Among them was Zula Jones, who worked at the city's Human Rights Commission (HRC) and was indicted by a grand jury in April 2000 on charges that she allowed a construction company, Scott Co. of San Leandro, to game the city's minority business certification by creating a false minority-owned contracting company with a Brown donor. The phony front, Scott-Normal Mechanical, Inc., received $64 million in city contracts. According to a 2002 San Francisco Chronicle story, federal investigators found documents they'd subpoenaed next to a paper shredder in Jones' office — but a judge ruled the evidence was inadmissible, and charges against her were dropped.
In March of 2010, Lee presented Jones with a Community Advocate of the Year award at a banquet hosted by Global Arts and Education to celebrate International Women's Day. Former Mayor Brown hosted the event.
Another person who turned up at the Run, Ed, Run kickoff was Frank Chiu, who headed up the Department of Building Inspection under Brown's administration. In 2000, the FBI investigated that department for possible kickbacks and allegedly pressuring permit seekers to use specific contractors. In 2003, the San Francisco Civil Grand Jury issued a report concluding that the department gave "breaks to politically connected developers," by accelerating approval for their projects.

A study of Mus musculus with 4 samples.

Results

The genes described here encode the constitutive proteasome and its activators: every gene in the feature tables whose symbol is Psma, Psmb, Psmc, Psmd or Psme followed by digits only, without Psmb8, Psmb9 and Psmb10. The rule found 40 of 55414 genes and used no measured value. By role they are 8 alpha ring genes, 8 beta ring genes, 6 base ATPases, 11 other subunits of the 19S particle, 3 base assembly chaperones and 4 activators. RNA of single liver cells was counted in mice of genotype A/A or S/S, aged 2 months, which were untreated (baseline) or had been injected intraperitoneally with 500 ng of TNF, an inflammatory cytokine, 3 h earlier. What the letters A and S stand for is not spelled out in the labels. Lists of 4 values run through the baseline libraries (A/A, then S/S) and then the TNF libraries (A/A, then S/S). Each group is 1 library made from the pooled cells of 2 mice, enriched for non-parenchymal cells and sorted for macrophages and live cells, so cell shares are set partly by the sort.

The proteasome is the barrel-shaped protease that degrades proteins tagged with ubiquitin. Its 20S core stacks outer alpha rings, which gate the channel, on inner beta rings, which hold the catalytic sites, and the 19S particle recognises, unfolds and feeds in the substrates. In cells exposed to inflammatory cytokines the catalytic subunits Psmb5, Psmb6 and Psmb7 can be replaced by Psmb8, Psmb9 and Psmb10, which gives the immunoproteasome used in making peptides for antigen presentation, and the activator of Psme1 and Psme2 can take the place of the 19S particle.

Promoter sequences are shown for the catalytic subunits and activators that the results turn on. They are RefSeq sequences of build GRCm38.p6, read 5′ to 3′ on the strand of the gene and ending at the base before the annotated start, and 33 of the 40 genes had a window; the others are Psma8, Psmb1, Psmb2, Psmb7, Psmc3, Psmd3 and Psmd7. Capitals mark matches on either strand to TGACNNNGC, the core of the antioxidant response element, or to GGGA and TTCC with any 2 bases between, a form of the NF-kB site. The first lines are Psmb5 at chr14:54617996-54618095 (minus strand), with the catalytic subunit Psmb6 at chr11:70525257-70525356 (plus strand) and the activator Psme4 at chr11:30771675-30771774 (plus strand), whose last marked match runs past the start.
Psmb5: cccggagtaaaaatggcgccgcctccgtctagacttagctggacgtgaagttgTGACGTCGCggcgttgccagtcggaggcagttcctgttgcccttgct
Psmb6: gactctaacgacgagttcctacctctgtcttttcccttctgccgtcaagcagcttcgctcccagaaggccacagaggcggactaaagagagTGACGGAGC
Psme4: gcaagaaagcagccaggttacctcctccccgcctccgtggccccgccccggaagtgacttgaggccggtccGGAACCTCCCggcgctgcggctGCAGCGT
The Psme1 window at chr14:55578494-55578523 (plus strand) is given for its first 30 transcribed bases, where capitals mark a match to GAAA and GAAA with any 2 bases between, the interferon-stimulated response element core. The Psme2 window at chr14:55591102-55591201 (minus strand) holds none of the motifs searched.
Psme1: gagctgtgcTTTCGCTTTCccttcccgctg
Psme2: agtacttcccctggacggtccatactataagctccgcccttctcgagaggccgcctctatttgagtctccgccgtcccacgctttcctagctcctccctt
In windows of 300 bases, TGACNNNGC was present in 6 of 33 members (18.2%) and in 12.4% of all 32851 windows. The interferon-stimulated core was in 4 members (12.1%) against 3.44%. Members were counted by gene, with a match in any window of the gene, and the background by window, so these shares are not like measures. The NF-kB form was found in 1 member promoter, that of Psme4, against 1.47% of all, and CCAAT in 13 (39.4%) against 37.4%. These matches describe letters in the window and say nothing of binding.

Also in attendance was Walter Wong, who worked as a consultant to companies seeking project approval from DBI. He came under scrutiny for his cozy relationships with DBI officials, and a 2001 Chronicle article noted that Wong "is often spotted behind the counter before business hours at [DBI], which passes judgment on almost all construction in the city." The article noted his close ties to Brown and Pak.
In the late 1990s, when Lee served as City Purchaser under Mayor Brown, a company called GSCI was approved as a contractor for DBI even though it was repeatedly rejected by city staff. The company won millions in city contracts, but came under federal investigation for setting up a kickback scheme to defraud the city.
According to the transcript of a deposition carried out by the law firm Gonzalez & Leigh, Deborah Vincent-James — who oversaw contracting for technology companies and has since passed away — testified that GCSI didn't meet the minimum qualifications (See "Dirty Business," Feb. 8, 2011). "From day one, I knew that they were not qualified," Vincent-James' deposition transcript reads. She went on to say that the official city process for evaluating contractors was "totally bypassed." Nonetheless, "We had to admit them." Asked who told her they had to be admitted, she responded, "The director of purchasing. Ed Lee." She went on to testify that Lee had been acting under the direction of Mayor Brown, who had ties to GCSI principals. When the Guardian contacted Lee for a response to that story, his office did not respond.